It is a known fact that goldfish can produce alcohol, which helps them to survive the coldest water environments. However, scientists have been puzzled by this and have searched for an answer as to how the fish can make their alcohol below the surface of the water. Now, new research has found the mysterious process that allows these marine creatures to create the alcohol.

Why is the ethanol production crucial?

Frozen lakes present a dangerous and harsh environment where even the most seasoned marine creatures cannot survive for long. The lack of oxygen due to the ice covering is the main reason why such lakes are considered to be harsh.

However, goldfish are quite proficient at surviving in such waters. The crucian carp is one other species that can survive for days and weeks under such conditions.

It was known from previous studies that the goldfish could create ethanol from anaerobically produced Lactic Acid in their bodies. This ethanol is then discharged through their fins and into the surrounding water. Through this innovative process, the fish can avoid the build up of the lactic acid in the body as a result of the lack of oxygen.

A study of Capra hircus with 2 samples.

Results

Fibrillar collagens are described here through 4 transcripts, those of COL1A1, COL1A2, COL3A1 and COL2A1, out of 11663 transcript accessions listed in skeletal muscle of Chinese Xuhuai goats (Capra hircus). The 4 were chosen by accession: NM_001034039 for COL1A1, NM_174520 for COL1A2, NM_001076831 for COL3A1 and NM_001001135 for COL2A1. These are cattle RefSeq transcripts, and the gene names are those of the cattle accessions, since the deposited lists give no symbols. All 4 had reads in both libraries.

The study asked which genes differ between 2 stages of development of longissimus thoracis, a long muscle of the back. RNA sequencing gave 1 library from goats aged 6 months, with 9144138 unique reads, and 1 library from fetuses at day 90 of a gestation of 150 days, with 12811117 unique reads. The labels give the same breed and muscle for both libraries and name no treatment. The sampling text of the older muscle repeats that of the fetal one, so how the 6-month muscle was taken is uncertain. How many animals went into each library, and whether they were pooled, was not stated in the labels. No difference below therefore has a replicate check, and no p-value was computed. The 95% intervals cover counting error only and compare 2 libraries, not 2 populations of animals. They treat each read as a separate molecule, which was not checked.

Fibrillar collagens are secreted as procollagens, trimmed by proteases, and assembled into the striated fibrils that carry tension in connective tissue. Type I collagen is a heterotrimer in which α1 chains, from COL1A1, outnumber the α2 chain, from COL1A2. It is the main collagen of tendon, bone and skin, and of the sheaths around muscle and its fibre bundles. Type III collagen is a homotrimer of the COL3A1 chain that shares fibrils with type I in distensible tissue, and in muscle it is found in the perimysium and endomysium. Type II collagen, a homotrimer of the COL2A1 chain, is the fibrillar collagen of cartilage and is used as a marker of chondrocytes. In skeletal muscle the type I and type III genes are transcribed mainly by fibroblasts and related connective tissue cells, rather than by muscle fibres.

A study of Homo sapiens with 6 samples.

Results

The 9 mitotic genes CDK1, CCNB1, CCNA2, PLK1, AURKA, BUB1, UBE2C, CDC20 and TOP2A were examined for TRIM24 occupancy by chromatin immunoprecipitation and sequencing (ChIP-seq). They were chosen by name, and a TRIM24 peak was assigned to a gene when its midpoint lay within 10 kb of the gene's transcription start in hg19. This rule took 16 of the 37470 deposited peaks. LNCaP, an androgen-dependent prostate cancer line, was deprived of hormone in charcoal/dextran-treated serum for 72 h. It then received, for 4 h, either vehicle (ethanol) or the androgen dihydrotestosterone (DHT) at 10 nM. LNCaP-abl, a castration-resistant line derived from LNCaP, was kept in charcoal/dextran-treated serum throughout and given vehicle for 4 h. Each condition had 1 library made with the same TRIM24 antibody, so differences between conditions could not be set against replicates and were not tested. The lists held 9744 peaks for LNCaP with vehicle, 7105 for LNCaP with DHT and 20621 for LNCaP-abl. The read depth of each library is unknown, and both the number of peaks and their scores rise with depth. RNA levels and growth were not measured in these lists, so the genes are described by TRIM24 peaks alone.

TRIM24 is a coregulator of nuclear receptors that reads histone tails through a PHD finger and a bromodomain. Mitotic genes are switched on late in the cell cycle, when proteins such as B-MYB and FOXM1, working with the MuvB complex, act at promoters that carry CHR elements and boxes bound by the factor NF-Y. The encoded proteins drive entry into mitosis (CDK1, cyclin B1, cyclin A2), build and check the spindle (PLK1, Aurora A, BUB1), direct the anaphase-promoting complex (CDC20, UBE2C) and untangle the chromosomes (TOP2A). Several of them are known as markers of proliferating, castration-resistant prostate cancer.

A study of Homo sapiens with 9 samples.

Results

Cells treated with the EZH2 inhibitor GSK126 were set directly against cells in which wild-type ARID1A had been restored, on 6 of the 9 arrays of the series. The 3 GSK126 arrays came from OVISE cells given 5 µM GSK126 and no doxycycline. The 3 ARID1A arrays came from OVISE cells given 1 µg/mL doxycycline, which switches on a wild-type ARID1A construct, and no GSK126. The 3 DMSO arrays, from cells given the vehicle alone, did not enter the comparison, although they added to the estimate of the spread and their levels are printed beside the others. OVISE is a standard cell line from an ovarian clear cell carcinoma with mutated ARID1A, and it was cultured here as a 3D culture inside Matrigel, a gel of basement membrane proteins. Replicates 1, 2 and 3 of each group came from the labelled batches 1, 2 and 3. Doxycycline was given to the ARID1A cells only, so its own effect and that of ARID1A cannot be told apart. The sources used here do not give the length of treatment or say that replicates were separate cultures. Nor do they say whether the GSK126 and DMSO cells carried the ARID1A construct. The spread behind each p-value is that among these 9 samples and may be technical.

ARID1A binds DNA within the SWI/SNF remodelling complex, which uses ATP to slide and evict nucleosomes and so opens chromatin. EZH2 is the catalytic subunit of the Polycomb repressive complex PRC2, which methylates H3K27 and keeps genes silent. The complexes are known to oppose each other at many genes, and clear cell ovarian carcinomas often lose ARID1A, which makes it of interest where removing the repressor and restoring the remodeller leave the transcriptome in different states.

How is the ethanol created?

Although researchers were aware of the process taking place in the body of the goldfish, they did not understand what exactly drove the extra lactic acid to be converted to ethanol.

In the recent study, researchers discovered that two sets of proteins present in the muscles of the creatures drive the ethanol production. The first set of proteins is quite common and can be found in many other animals as well.

However, the second set of proteins was shown to be activated by the lack of oxygen. When these proteins are activated, the metabolic substrates for the creation of ethanol is transferred outside the mitochondria.

This is what drives the conversion of the lactic acid to ethanol.

Researchers were further able to pinpoint this strange set of proteins as a mutation in the crucian carp and goldfish. They claim that the variation came into existence some 8 million years ago and helped these fish to adapt to the frozen lake environments. Researchers revealed that during the long cold winter months, the blood alcohol levels in these fish could climb up to 50 mg per 100 milliliters.

This is higher than the safe drink driving limit levied by the law on people. Scientists feel that this presence of alcohol in the body of the fish is far less harmful than the presence of the lactic acid, which is known as the end product of energy production.